Global Politics

It's not Hugo Chavez's Venezuela anymore, or is it?


Credit:

Marco Bello TPX IMAGES OF THE DAY/ Reuters

It's not Hugo Chavez's Venezuela anymore — sort of.

Before Chavez died in 2013, the Socialist leader picked his own successor, Nicolas Maduro, as the country's president and left his Socialist Party firmly in control of the National Assembly.

That allowed the Chavistas to stifle the opposition for a long time.

But that all changed this past December, when voters handed the opposition a majority in the National Assembly.

Now there's an ongoing political fight between the opposition and the Chavista government.

On Monday, the Socialist-controlled Supreme Court waded into the mess, barring three opposition lawmakers from taking office.

“It’s an intense time down here because the opposition has this huge mandate from the voters that they’ve never had before but the Socialists still control every institution,” says AP reporter Hannah Dreier who is based in Caracas. “It looks like what we’re going to get is a Supreme Court that’s trying to dismantle Congress, and Congress meanwhile is taking steps to fire the judges on the Supreme Court. It’s like 'High Noon.'”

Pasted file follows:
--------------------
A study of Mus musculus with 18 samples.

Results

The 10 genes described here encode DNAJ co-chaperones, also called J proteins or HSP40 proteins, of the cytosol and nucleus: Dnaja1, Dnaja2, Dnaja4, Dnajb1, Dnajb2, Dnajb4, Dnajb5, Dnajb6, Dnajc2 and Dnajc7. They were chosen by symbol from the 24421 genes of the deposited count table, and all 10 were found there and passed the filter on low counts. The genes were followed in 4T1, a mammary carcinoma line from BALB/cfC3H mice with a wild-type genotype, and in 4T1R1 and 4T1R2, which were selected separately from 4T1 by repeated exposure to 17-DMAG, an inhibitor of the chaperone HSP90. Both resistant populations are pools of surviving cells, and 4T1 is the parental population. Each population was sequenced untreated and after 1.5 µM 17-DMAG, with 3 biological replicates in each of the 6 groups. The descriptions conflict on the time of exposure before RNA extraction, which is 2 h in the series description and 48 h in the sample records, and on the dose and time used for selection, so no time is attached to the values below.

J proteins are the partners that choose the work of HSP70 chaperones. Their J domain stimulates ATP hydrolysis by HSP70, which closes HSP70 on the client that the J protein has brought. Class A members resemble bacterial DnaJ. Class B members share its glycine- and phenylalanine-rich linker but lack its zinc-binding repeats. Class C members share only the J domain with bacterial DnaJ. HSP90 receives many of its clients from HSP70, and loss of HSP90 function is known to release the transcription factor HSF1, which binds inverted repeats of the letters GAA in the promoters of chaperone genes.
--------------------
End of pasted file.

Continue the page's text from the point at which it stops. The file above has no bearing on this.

“Policy paralysis” are the buzzwords of the moment, according to Dreier.

“But the truth is the country’s been in policy paralysis for years really since Chavez died. Maduro gets most of his strength from his connection to Chavez’s legacy and he hasn’t wanted to change any of the policies that were in place when he took office in 2013.”

There are the same initiatives in place even as the grocery store shelves go bare and crime rises at an exponential rate, according to Dreier.

While tomatoes were being thrown inside Congress, the other big news story in Venezuela this week was a riot at a grocery store over a shipment of dried beans.

“[Beans] used to be cheap and plentiful and now you can’t find them,” says Dreier.

While the political antics consume the news, the Venezuelan people are more concerned with feeding themselves and avoiding getting mugged or kidnapped, says Dreier.

“Yeah, when you have to spend six hours just trying to get sugar and flour, there’s not a lot of bandwidth to be following all of theatrics with Congress, the Supreme Court and the Executive,” says Dreier.